Perdido 03

Perdido 03

Sunday, February 9, 2014

Mulgrew Writes The Times

A letter to the editor from Mulgrew:
Re “Teachers’ Push for Back Pay May Pinch City” (front page, Feb. 5):
The question for New York City is not whether it can afford to pay competitive salaries to the teachers of the city’s more than one million schoolchildren, but whether it can afford not to.
How can we have a world-class school system as long as the city has the largest class sizes, the neediest students and the lowest paid professionals in the region?
It was Mayor Michael R. Bloomberg’s years-long refusal to reach a fair agreement with teachers — despite yearly multibillion-dollar city budget surpluses — that created a huge fiscal problem for Mayor Bill de Blasio. Working together, we can come up with a solution that is fair for teachers, taxpayers and, most important, the children in the city’s public schools.
United Federation of Teachers
New York, Feb. 5, 2014

I might add that it was the UFT's failure to get a contract before Bloomberg's third term - when they actually had some leverage to do so - that partly led to the problems we have now too.

Once Bloomberg was re-elected for a third term, all bets were off on how he treated teachers, municipal unions, contract negotiations, etc. because he had no reason to come to the table and bargain in good faith anymore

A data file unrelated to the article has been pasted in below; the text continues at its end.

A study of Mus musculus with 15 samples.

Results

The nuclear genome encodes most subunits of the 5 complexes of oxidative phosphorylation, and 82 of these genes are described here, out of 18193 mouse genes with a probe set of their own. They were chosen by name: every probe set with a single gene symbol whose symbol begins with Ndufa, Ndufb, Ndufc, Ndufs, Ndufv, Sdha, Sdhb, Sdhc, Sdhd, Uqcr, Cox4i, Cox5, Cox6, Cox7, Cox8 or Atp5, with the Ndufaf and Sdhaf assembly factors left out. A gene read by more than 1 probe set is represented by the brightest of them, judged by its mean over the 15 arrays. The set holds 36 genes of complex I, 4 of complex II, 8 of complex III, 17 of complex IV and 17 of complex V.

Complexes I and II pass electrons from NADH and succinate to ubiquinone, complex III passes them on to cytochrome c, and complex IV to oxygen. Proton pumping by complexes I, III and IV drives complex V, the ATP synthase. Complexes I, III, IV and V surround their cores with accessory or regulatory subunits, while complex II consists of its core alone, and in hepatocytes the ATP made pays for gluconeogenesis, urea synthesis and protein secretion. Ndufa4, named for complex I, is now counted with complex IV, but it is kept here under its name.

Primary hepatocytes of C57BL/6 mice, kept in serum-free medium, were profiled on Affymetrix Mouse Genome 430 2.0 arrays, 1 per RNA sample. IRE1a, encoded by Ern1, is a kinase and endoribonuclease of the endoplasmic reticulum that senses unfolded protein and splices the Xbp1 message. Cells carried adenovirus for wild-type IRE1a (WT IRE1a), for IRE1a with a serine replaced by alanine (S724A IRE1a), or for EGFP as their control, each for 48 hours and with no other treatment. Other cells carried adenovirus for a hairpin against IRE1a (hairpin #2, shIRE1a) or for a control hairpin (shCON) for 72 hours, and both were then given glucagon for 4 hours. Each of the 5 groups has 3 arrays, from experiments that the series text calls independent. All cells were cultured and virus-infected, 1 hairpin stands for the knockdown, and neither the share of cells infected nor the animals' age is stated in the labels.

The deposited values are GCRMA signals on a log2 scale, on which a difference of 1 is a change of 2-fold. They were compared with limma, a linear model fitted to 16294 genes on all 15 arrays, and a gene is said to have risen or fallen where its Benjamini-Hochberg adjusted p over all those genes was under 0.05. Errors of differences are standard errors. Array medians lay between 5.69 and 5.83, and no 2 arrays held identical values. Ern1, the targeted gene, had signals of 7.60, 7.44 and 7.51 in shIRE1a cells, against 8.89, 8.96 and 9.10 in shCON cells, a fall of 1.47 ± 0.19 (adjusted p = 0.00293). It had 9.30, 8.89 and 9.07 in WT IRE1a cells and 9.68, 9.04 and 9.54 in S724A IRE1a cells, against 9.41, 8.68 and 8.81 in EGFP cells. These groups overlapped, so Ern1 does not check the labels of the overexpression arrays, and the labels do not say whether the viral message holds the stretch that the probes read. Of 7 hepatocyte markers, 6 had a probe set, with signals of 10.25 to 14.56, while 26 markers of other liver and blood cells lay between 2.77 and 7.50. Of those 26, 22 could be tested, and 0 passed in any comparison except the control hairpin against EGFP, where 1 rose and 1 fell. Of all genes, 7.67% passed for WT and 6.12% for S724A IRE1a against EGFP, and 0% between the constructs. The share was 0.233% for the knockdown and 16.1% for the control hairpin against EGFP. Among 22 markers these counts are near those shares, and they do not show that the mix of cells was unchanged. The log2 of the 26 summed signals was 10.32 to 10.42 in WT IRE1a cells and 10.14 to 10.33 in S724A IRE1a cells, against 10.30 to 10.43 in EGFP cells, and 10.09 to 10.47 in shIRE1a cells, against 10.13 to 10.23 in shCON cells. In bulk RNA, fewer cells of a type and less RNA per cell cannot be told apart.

But before that third term, when he put his "legacy" on the line by overturning term limits and running one more time (and his internal polling showed him not running away with the election), the UFT had some leverage to either endorse his opponent and work to oust Bloomberg or cave and do a deal with devil (Bloomberg) before the election.

They chose neither path - they didn't help Bill Thompson in the election (and Thompson lost by just 5% points - a loss that might have been turned into a victory if unions had helped his cause) and they didn't get a deal done before the election.

So what we got as a result was an emboldened Bloomberg looking to stick it to teachers, unions and in particular the UFT.

I know dealing with Bloomberg was a hard thing in the last few years and there are a lot of reasons why the UFT chose the strategy they chose to pursue in dealing with him.

Certainly the UFT's backing of Thompson in 2009 would not have guaranteed a Thompson victory and there were some obstacles to doing a deal with Bloomberg pre-election.

Nonetheless, it was the UFT's contract strategy in Bloomberg's last five years that is partly to blame for where we are now - years without a contract, having given away many concessions via APPR without getting anything in return.


  1. Why cram an overcrowded system with 4 yr olds when the existing teachers have yet to be paid? It's a little crazy. How about a "Pay The Teachers First" campaign, then we'll talk Pre-K?

    1. I don't think that's how you want to frame contract negotiations. You never want to pose students vs. teachers here. There's money for both - that's the truth.